After a long and arduous wait of over 12 years, the cult animated series Samurai Jack is back. The cartoon series that ran from 2001 to 2004 tells the story of a samurai who has been flung into a dystopian future by Aku, the shape-shifting dark lord. Aided by his trusty magic sword, which is the only weapon that can put an end to his arch-enemy, the samurai (voiced by Phil LaMarr) spent four seasons roaming post-apocalyptic lands, fighting evil, and looking for a way back home to kill Aku (voiced originally by Mako Iwamatsu and now, Greg Baldwin) before the time portal was opened.
Even when it was first aired, the four-time Emmy winner was like nothing on television. Created by master animator Genndy Tartakovsky, who is also behind Dexter’s Lab, Powerpuff Girls, Star Wars: The Clone Wars and the Hotel Transylvania franchise, Samurai Jack was known for its captivating artistry, intense and intricate action, intelligent comedy, unhurried narrative, and minimal dialogue. Low angle shots, long silences, close-ups, slow motion – the show was a visual masterpiece and years ahead of its sugar rush-happy contemporaries.
Tartakovsky has acknowledged Akira Kurosawa’s movies and Frank Miller’s comics as inspirations. While Samurai Jack was never really aimed at a young audience, it had to keep the blood, gore, brutality to a minimum since it was on Cartoon Network. All of this has changed after the show’s return on Adult Swim, Cartoon Network’s night-time programming block for grown-ups.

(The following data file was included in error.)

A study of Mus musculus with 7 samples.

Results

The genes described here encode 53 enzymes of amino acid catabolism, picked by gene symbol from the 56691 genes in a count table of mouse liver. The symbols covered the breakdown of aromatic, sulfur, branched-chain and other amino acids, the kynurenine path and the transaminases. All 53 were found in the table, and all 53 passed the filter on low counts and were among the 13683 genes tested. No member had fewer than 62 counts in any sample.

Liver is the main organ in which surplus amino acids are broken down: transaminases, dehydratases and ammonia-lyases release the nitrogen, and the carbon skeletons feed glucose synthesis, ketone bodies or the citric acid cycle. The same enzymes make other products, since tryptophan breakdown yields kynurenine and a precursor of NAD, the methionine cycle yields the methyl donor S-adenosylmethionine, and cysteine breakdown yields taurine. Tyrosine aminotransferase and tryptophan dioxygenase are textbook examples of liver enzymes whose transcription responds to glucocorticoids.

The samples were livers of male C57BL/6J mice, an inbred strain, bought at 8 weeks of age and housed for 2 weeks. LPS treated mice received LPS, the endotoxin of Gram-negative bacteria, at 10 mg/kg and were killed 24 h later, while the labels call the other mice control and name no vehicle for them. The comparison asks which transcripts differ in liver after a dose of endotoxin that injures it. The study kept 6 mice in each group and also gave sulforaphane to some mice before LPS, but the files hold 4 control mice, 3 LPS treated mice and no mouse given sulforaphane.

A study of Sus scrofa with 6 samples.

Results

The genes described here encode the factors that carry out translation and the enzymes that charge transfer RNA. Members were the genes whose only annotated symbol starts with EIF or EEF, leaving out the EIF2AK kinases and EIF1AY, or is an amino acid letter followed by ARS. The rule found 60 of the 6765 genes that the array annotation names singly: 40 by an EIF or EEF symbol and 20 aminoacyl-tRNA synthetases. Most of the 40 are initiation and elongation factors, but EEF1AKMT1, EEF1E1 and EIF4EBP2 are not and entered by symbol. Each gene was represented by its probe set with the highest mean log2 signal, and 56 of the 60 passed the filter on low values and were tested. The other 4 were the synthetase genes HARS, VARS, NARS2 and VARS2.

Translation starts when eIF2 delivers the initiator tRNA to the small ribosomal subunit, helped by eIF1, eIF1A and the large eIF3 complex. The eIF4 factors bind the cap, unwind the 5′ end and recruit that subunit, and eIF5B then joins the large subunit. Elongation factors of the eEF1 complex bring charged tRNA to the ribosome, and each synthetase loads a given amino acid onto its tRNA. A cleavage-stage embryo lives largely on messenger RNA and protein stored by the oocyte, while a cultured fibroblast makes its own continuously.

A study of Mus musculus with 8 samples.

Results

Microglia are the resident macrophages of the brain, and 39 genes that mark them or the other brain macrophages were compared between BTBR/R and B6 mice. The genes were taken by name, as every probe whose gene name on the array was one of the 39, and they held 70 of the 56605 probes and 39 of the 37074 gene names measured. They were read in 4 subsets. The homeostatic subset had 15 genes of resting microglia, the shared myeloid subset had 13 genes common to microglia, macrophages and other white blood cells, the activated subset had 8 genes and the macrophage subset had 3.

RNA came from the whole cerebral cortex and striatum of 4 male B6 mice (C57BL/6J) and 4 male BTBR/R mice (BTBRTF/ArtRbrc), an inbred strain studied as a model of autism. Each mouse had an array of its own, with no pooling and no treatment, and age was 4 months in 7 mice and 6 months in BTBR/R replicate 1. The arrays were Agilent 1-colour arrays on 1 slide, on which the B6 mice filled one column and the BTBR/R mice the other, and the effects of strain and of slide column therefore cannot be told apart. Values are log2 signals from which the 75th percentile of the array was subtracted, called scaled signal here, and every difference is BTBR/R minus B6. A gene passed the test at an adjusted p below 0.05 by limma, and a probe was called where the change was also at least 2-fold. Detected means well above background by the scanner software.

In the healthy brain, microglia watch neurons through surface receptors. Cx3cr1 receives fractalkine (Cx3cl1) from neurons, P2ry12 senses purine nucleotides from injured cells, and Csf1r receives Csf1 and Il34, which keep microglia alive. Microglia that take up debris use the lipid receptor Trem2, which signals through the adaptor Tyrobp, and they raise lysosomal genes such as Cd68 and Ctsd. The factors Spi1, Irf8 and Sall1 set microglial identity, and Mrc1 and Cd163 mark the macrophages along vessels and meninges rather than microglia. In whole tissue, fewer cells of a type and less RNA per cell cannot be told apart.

At the beginning of season five, 50 years have passed since we last saw Jack. As a side-effect of time travel, he has stopped aging. Aku, the Shogun of Sorrow, is still alive and still rules the world.
Samurai Jack has evolved from one man’s journey back in time to a more complicated and troubled study of Jack’s psyche. He can’t kill Aku and can’t return home either – the years of searching for a way to defeat Aku have come to nothing, and this realisation is taking a toll on him. Stuck in this purgatory, he is no longer the stone faced do-gooder. He is conflicted, tired and haunted by the souls and ghosts of his ancestors. His trusty sword has been replaced with bigger and meaner guns. He has visions of the past and apparitions that berate him for forgetting his purpose.
Aku too has changed. The shape-shifting master of darkness was always a bit of a comic relief. His evil machinations were carried out by robot drones and mechanical bugs and beetles. Now, he has a cult of assassins, the seven daughters of Aku who have been bred to defeat the samurai. Clearly, the show has earned its place in the more grown-up space of Adult Swim.
Jack’s purpose was always to find a time portal – Will.I.Am’s opening track for the show Gotta get back, back to the past, Samurai Jack, is still catchy. But episodes from the initial run were self-contained and ended with Jack helping the victims of Aku’s evil reign survive another day. The new season is more connected in terms of storyline, and has opened itself up to a more intricate and detailed flow of characters and themes.
Samurai Jack was intended to end with a movie, but when that didn’t seem to be working out, Tartakovsky reached out to Cartoon Network for a limited series to bring an end to Jack’s story. While the new storyline has become more mature, this is still Samurai Jack. The show is still a tour de force. The sequences in the new episodes are breathtaking, be a high-speed action fight sequence or a slow chase inside an ancient temple in the woods. Through the darkness, the show retains a measure of its comedic genius too, thanks to Aku.
With newer technology, the process of filmmaking was amped up, but the show remains calmer than anything else out there. Samurai Jack is still a stylised 2D animated show that takes it slow and makes a long-lasting impact.